Happy and perhaps surprised. Mansell’s victory on his debut for the Scuderia, at the season-opening 1989 Brazilian Grand Prix, was one for the ages, not just because it was a fairytale start for the driver the (I)tifosi(I) called (I)il leone(I), but on account of his Ferrari’s technically innovative specification. The 640 was and remains one of the most elegant racing cars ever made, perhaps proving the old adage that a beautiful car was usually also a fast one.
Equipped with the new 'paddle shift', the Ferrari 640 would give Mansell his debut Scuderia victory at the first race of the 1989 season - Brazil
But forget the aesthetics and focus instead on the transmission, for this Ferrari was the first to feature one of the great motorsport innovations of all time: the semi-automatic gearbox. A conventional clutch was needed only at the start and during pit stops, while the so-called paddleshift allowed the driver to keep his hands on the wheel and his focus on the optimum racing line…
Yet the pre-season buzz had been muted. The 640 was reportedly lacking in grunt, and its transmission’s electronics may have been highly inventive but, as is so often the way with these things, also unreliable. It had continued to be glitchy in free practice and qualifying, and Mansell had even jokingly advised the British Airways pilot who had flown the driver to Rio to wait for him on the return leg – a flight that was due to depart before the GP had even ended.
Watch the story of the paddle shift gearbox and its influence on Ferrari race and road cars
Ferrari’s innovation was hard-won and would comprehensively alter the trajectory of F1. Pretty soon, everyone had adopted a similar semi-automatic system. But Ferrari was further ahead of the curve than most observers realised. Credit to the great Mauro Forghieri, the man Enzo Ferrari entrusted with the Scuderia’s technical destiny in 1963, when he was just 26. Fast forward to the late Seventies, with turbocharged engines the new paradigm and the finest F1 minds seeking a way to circumvent the lag that inevitably resulted.
Forghieri figured that a semi-automatic transmission might be one way of dealing with the problem, and fitted a prototype to a 1979 Ferrari 312 T. It worked by using a high-pressure hydraulic system, similar to that used in aviation, with buttons mounted on the steering wheel to trigger the gear changes.
Ferrari's technical director, John Barnard with racing driver Nigel Mansell. It was Barnard's belief that a semi-automatic gearbox was central to Scuderia victory that saw the paddle shift arrive in Mansell's Ferrari 640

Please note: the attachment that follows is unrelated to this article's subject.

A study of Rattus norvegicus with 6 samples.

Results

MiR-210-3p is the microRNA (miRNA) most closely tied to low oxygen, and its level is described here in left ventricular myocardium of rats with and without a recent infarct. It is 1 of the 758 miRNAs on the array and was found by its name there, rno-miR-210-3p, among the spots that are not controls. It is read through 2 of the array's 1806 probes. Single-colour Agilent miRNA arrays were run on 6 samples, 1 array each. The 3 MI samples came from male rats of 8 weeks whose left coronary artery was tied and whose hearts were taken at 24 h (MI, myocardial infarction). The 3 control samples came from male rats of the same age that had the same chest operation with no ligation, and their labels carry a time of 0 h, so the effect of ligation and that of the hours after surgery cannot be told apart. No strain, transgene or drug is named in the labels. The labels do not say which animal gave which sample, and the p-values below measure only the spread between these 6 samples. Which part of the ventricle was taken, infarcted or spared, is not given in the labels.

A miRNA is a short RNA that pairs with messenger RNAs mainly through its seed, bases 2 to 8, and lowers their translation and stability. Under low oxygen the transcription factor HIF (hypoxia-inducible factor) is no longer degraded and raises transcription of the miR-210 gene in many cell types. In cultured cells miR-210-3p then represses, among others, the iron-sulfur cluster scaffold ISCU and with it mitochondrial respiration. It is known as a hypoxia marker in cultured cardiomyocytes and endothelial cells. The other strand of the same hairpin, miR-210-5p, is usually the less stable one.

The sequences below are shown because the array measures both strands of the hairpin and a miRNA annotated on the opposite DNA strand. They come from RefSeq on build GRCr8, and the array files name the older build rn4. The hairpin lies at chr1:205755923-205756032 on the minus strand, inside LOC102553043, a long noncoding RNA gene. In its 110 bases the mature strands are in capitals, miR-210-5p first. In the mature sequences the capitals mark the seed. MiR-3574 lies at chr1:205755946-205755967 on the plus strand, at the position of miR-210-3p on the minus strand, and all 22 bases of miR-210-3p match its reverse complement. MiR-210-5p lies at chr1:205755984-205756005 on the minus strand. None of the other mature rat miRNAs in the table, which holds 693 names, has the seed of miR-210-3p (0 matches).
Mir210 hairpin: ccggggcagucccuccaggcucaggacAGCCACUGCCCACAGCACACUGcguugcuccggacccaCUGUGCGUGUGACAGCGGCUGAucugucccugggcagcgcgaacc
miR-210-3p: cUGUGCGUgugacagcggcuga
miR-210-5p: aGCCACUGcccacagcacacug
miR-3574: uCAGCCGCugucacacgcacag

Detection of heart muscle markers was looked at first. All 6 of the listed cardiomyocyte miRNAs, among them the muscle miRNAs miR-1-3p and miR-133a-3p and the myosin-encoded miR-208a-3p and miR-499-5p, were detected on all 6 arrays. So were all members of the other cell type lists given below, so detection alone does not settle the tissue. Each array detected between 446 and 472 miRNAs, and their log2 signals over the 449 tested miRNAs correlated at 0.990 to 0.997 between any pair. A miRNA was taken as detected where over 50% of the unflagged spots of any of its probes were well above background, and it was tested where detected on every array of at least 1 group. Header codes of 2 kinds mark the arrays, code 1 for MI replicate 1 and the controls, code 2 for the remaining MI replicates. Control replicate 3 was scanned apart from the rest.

None other than Gilles Villeneuve then proceeded to test it at Ferrari’s Fiorano test track, where he apparently completed 100 laps without a hitch. There was only one problem: he didn’t like it. “Despite this successful outcome,” Forghieri opined, “he was not convinced. Gilles said to me, ‘A steel shift lever will always be more reliable than electronics.’ The project was temporarily set aside. Mr Ferrari always accepted requests from Gilles.”
Oddly enough, it was preparations for the post-turbo era due to start in 1989 that reignited the project. Whether Ferrari’s new technical director, John Barnard, knew anything about his predecessor’s efforts is unclear. But when he began working for the Scuderia in 1986 – having persuaded the powers-that-be to allow him to establish a technical centre in the UK – a semi-automatic gearbox was a key part of his thinking. Why? Because a naturally aspirated engine would need to operate within a narrower power band than a turbocharged one, necessitating more gearshifts.
Mauro Forghieri (seen here with New Zealand driver Chris Amon) was just 26 when he was entrusted with the Scuderia's technical destiny. He was the first to try the semi-automatic transmission with Gilles Villeneuve, but it received a lukewarm reception from Villeneuve who preferred the existing steel shift lever
Barnard and his team were also keen to eliminate the shift linkage as they sought to optimise the next generation of chassis, aiming for greater aerodynamic efficiency and that slinkier look.
When the system was successfully proven at the end of 1987, the decision was made to go all-in on the new transmission; this was punchy stuff for Ferrari. Two prototypes were built using 1988’s 639 car but never raced, hastening a rapidly reworked version of the F1-87. The price of progress, perhaps. Barnard persisted and had to stand his ground, especially in the months following Enzo Ferrari’s passing in August 1988 when the new management queried the team’s technical direction. The gearbox’s lack of reliability was eventually attributed to an under-sized battery, and Ferrari’s partner Magneti Marelli were able to remedy it.
Inside the cockpit of the 355 F1. The road car arrived in 1997 and was the first Ferrari to sport paddle shift gears on the steering wheel
Of course, that victory in Brazil flattered to deceive. Mansell and his team-mate the indefatigable Gerhard Berger would have to ride out their share of bad luck and unreliability as the season wore on. But there more highs and improvements came for the 1990 season, improving reliability and allowing the drivers to skip gears during downshifts as they entered a corner. By the middle of the decade, every car on the F1 grid used a sequential semi-auto ’box.
Just as significantly, Ferrari successfully migrated the technology to a road car for the first time, the F355 F1 debuting in 1997. It’s arguably the most prominent example of a motorsport innovation making the jump to production cars, initially in the high performance context of a Ferrari but latterly right across the board.